By Evie Gilbert, 89 Scotland
The outcome of Britain’s December General Election will determine its future, its relationship with the EU, and its place in global politics. Many view the General Election as the closest thing to a second referendum Britain may get. Issues which usually determine voting preferences are being put on the backburner. People are considering voting for the party whose stance on Brexit best aligns with theirs, rather than the party with whom their allegiances usually lie. Party politics has completely changed shape, and as a result there is a huge amount of uncertainty about how best to ensure your vote can help to achieve your desired Brexit outcome. Thus, more than ever before in a contemporary general election, voters are considering tactical voting. Although many argue that that tactical voting is necessary now more than ever, others argue that Brexit is no reason to abandon your stance on other social, economic, and political questions. We must therefore ask ourselves: is tactical voting a good idea?
Tactical voting refers to members of the electorate voting for candidates for whom they would not normally vote, in the hope of preventing another candidate from winning. If two parties dominate the polls in a particular constituency, then voters who do not normally support either party may vote for the candidate for one of them, in order to prevent the other one gaining a seat. For example, the SNP and the Conservatives tend to dominate elections in parts of Aberdeen, but have opposing views on Brexit. Thus, even if an individual would not normally vote for either party, they may vote for the SNP if they wish to stop Brexit, or for the Conservatives if they hope Brexit happens. Tactical voting has a particularly influential effect in the UK, because of the ‘first-past-the-post’ voting system, where only the candidate who receives the most votes in the constituency becomes one of Britain’s 650 MPs.
However, although the power that tactical voting has in Britain is undeniable, many do not believe it is a good idea. The conflicting advice given by tactical voting websites indicates that these websites are not free from political biases and tactical voting is far from a clear-cut issue, particularly for those whose priority is stopping Brexit. Firstly, tactical voting websites advice is, although often well calculated, based on outdated polling data, predictions, and estimates, and this election is uncharted and relatively unpredictable territory. It has been argued that even the tactical voting websites which are not biased have still caused more confusion than clarity. Secondly, tactical voting websites whose priority is to stop a conservative majority may be making a fatal mistake in assuming that a coalition of pro-remain parties is possible. Many politicians and political scientists believe that the tribal conflicts that exist between parties, even pro-remain parties, will prevent a successful coalition government if a majority is not achieved, thereby increasing the uncertainty about Britain’s future.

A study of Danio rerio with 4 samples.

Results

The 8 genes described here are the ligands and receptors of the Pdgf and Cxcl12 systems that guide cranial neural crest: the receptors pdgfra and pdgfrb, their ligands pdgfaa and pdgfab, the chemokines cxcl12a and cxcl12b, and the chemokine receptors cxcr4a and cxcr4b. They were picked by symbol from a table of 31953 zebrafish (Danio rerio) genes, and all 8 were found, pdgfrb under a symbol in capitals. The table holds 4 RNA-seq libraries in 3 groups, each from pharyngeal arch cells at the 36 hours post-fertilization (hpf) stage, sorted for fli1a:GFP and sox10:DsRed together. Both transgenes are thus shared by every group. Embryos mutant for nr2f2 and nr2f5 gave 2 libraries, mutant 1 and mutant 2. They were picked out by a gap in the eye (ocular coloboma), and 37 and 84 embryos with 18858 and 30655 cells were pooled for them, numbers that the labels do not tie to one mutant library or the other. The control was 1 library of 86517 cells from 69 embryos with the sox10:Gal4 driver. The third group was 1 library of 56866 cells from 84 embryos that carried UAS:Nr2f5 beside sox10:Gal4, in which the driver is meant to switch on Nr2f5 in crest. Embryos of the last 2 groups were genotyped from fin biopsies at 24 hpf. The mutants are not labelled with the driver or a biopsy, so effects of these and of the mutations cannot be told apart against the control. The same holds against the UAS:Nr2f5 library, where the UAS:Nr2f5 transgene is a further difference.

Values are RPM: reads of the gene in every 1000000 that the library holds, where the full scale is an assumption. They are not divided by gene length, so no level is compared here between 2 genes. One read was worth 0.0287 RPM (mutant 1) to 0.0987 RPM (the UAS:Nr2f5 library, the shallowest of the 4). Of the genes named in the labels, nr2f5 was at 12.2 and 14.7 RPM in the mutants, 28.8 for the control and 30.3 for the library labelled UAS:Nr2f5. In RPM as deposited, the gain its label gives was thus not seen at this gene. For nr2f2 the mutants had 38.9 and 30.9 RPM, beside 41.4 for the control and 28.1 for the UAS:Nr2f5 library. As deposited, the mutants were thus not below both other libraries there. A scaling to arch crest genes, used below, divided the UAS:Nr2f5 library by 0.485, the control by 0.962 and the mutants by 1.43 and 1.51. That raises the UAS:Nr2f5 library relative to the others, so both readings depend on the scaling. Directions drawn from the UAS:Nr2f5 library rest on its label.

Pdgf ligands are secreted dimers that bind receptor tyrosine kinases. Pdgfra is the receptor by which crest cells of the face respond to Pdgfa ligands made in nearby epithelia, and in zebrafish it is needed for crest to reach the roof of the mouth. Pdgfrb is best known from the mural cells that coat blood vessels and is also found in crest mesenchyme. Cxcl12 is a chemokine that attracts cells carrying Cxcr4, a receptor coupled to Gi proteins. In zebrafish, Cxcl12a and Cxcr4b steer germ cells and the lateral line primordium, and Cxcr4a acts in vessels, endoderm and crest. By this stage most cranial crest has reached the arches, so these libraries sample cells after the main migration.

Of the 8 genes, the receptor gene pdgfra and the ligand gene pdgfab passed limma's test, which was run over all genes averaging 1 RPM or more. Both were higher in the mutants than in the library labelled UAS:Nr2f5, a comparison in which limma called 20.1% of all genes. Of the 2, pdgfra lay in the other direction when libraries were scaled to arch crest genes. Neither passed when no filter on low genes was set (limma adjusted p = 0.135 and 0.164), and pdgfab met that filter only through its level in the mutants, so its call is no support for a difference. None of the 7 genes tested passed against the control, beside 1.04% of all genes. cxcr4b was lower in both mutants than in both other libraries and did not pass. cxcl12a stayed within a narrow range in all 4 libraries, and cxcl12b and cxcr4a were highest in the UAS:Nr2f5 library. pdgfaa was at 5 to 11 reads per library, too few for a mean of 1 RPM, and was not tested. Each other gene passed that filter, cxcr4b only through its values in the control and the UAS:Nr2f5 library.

Despite these weaknesses, tactical voting should not be disregarded. A common analogy used by those in favour of tactical voting is: “voting is like public transport, not marriage: it doesn’t have to be perfect, it has to get you as near to your desired destination as possible”. Although this analogy is not without its flaws, it successfully sums up the sentiment of those who advocate tactical voting on both side of the Brexit debate. Tactical voting has been shown to successfully sway British elections before. Some parties have been withdrawing their own candidates in order to facilitate the tactical vote. However, the nuances of the conflicts between parties, even those aligned on Brexit, as well as the dangers of British bipartisan politics, has meant that not all parties are willing to form election pacts or withdraw candidates. Pro-remain parties that have not withdrawn candidates still often advocate tactical voting. Tactical voters and tactical voting websites argue that although non-Brexit related policies and promises are important to Britain’s future, Brexit – either stopping it or ‘getting it done’ – is Britain’s immediate priority, and the election needs to reflect this.
Tactical voting is not an unflawed method, and tactical voting websites are not an unflawed platform. Unfortunately, like the rest of us, they cannot see the future and thus must base their predictions on the past. It is impossible for pro-remain tactical voting websites to avoid an unbalanced support of one party over the others available. Nevertheless, it has been estimated that up to one-third of the electorate who vote will vote tactically. This may be because there is no immediate alternative to voting tactically, if your priority is to use this General Election as a second referendum on Brexit. Setting aside party politics may be the only way to sway the election in favour of your desired Brexit outcome, especially because Britain’s ‘winner takes it all’ system means that minor victories in many constituencies can result in a majority government. Thus, perhaps the best advice is, even if you do not vote tactically, vote cleverly. Decide on what you think is Britain’s priority, and what you want this election to achieve, and vote accordingly. And most importantly, use your vote – it counts!